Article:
New cryptocurrencies are emerging almost daily, and many interested parties are wondering whether central banks should issue their own versions. But what might central bank cryptocurrencies (CBCCs) look like and would they be useful? This feature provides a taxonomy of money that identifies two types of CBCC - retail and wholesale - and differentiates them from other forms of central bank money such as cash and reserves. It discusses the different characteristics of CBCCs and compares them with existing payment options. 1

Lately, central banks have entered the fray, with several announcing that they are exploring or experimenting with DLT, and the prospect of central bank crypto- or digital currencies is attracting considerable attention. But making sense of all this is difficult. There is confusion over what these new currencies are, and discussions often occur without a common understanding of what is actually being proposed. This feature seeks to provide some clarity by answering a deceptively simple question: what are central bank cryptocurrencies (CBCCs)?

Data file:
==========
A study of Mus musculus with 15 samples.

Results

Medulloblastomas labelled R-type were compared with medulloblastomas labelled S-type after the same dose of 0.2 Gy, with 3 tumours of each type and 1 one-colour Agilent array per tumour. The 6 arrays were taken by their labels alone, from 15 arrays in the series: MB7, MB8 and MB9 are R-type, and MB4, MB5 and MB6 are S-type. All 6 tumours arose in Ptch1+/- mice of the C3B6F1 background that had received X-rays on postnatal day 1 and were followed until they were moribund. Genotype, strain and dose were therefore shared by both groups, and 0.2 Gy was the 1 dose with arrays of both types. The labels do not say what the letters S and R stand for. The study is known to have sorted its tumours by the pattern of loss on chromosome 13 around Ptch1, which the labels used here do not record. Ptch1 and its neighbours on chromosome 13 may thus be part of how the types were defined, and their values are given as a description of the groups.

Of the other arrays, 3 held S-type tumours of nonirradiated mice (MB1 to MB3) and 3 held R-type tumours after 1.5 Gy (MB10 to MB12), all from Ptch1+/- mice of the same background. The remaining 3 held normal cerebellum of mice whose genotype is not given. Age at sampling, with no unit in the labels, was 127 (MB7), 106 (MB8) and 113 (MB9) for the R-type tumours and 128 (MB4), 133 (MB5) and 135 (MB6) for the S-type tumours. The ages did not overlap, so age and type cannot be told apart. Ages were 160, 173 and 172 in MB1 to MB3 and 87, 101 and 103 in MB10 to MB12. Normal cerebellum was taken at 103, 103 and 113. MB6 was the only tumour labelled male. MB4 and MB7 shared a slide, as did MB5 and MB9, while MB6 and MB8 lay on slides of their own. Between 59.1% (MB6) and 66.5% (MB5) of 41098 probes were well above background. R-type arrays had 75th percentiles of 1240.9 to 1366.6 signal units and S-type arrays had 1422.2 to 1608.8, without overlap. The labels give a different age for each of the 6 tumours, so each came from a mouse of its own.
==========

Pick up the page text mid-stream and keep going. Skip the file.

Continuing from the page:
But what might the two types of CBCC offer that alternative forms of central bank money cannot? For the consumer-facing kind, we argue that the peer-to-peer element of the new technology has the potential to provide anonymity features that are similar to those of cash but in digital form. If anonymity is not seen as important, then most of the alleged benefits of retail CBCCs can be achieved by giving the public access to accounts at the central bank, something that has been technically feasible for a long time but which central banks have mostly stayed away from.


Lately, central banks have entered the fray, with several announcing that they are exploring or experimenting with DLT, and the prospect of central bank crypto- or digital currencies is attracting considerable attention. But making sense of all this is difficult. There is confusion over what these new currencies are, and discussions often occur without a common understanding of what is actually being proposed. This feature seeks to provide some clarity by answering a deceptively simple question: what are central bank cryptocurrencies (CBCCs)?

But what might the two types of CBCC offer that alternative forms of central bank money cannot? For the consumer-facing kind, we argue that the peer-to-peer element of the new technology has the potential to provide anonymity features that are similar to those of cash but in digital form. If anonymity is not seen as important, then most of the alleged benefits of retail CBCCs can be achieved by giving the public access to accounts at the central bank, something that has been technically feasible for a long time but which central banks have mostly stayed away from.